Franco Manca-owner Fulham Shore has been a victim of virus-induced lockdowns this year but it’s not ready to give up just yet.
In fact, it might just take advantage of the sector’s slump to grow.
Reporting half-year losses last week, investors instead began to focus on a hint of opportunism from chairman David Page.
He said, “The ongoing damage to the property and restaurant sectors will allow us to prospect for new sites at much reduced rents and lower capital costs per site.
“As such, over the next few years and once normal trading conditions return, we will target a higher return on capital than we have historically achieved.”
Revenues for the pizza chain operator dropped by 44.9% compared to this time last year.
But, with all of its restaurants closed to dine-in customers for more than half of the six-month period, the market had this priced in.
Investors used to seeing losses in the sector by now shrugged but it was the cautious optimism from company bosses that kept them interested.
New funds raised from investors and the government’s coronavirus large business interruption loan scheme (CLIBIL) have allowed Page and co. to think about life after lockdown and, more specifically, the prospect of expansion.
The group opened a new Waterloo site during the reporting period, with London’s Borough Market getting a Franco Manca recently and a new Real Greek opening in Bracknell.
That brings Fulham Shore’s operated sites to 53 and 19 respectively.
Investors might like the ambition here but it’s not that long ago that the Zizzis, Pizza Expresses and Prezzos of this world were demonstrating the real dangers of overexpansion.
There was a stage when anything with a ‘Z’ in its name was cursing its decision to open another restaurant.
While consumers initially warmed to the mid-tier offerings, gluttonous management found they soon had to pay a lot of high street rents and compete with consumers starting to watch the pennies.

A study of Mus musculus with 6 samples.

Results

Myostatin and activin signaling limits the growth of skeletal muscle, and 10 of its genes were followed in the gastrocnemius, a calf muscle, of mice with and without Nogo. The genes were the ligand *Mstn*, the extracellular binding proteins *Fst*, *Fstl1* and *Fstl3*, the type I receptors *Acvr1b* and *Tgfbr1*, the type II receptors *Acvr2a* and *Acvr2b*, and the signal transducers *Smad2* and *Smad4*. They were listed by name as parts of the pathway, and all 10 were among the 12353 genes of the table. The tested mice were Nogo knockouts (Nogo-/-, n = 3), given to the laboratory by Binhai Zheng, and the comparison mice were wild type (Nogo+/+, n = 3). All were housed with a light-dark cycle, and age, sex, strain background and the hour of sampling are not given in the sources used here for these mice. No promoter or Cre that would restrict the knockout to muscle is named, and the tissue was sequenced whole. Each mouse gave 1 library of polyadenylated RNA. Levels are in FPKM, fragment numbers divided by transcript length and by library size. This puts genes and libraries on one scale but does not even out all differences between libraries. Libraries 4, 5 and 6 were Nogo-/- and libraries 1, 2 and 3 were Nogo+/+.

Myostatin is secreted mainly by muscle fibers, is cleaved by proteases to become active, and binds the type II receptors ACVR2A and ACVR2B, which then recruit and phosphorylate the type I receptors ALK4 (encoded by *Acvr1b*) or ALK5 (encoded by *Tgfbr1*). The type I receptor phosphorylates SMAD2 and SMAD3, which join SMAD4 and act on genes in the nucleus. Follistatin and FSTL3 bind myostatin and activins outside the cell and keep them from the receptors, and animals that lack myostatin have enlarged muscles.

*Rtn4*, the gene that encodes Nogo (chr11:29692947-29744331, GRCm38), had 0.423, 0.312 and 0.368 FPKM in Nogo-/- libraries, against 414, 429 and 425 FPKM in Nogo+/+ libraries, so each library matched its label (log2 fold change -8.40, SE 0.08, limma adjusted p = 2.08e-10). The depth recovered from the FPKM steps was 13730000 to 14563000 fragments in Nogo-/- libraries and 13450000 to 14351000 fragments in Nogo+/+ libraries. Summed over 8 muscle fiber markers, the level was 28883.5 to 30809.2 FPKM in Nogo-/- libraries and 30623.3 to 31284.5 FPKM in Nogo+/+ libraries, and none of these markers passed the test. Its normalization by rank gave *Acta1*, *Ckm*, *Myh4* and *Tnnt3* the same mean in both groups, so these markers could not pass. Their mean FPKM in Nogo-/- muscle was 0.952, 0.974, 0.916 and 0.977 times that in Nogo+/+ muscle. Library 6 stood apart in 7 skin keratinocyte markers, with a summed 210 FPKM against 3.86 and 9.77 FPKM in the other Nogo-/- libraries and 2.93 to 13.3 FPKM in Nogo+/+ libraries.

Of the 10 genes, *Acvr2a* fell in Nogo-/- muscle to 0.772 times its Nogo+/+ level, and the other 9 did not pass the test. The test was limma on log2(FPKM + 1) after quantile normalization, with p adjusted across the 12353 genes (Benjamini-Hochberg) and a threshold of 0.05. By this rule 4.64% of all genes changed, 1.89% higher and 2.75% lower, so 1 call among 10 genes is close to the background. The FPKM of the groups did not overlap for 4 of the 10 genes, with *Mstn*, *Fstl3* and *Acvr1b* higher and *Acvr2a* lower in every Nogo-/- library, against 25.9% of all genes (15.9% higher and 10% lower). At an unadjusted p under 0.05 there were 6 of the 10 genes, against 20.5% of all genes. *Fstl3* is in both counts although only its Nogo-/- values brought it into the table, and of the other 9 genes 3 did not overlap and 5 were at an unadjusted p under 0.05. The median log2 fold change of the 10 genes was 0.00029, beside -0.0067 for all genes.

And even if the sites were run well, there are only so many Sloppy Giuseppes one diner could handle.
Fulham Shore will be hoping they can capitalise on a different situation this time round.
It’s not that we don’t have the money to spend, it’s that we just can’t get out to spend it. The UK’s savings rate hitting a record 29.1% is evidence enough of that.
If Page can use his new cash pile to snap up sites, or even full brands, on the cheap and still have enough money left over to keep his current restaurants’ lights on, a return to normal consumer spending could really benefit Fulham Shore.
But, he will need to heed the tale of those who came before him. Expanding while customers aren’t spending, for whatever reason, can make that spender vulnerable to higher costs and lower revenues.
For investors, this type of strategy only proves successful when it plays out and the end result boosts the balance sheet.
More than ever we need to scrutinise the cash arrangements springing up to keep companies afloat, and understand in detail how management plans to spend it.
Investors often prefer their firms to look for corporate loans instead of creating new shares which dilutes current holdings.
But times like these show how important it is to look at the terms of any loan deals, and how able firms are to pay it all back.
In some circumstances shareholders might just have to go along with dilution, if corporate lending dries up or lenders get nervous at the sector’s prospects and raise interest rates.
Unfortunately there are likely to be some zombie companies out there now, functioning only on the surface.
When all supportive measures are eventually withdrawn they are the ones who will crumble first.
But the takeaway here is that we don’t need to wait until then to see who they are.
À la Dragons’ Den where the sweaty entrepreneurs have to memorise their balance sheets (I always find that stipulation a bit weird) and lay out their spending plans to the penny, we should ask the same of the companies in our portfolios.
Now is not the time for vanity projects and might even be the time to offload non-core parts of a business to trim the fat and stem the debt tide.
If management's intentions are simply to use money to keep their heads above water, there could emerge a real chasm between the survivors and strugglers especially in the dining sector.
If that becomes the case in 2021, and rival firms have enough cash to cover an acquisition (like David Page seems to suggest he has) we’re in for a bumper year for firesales.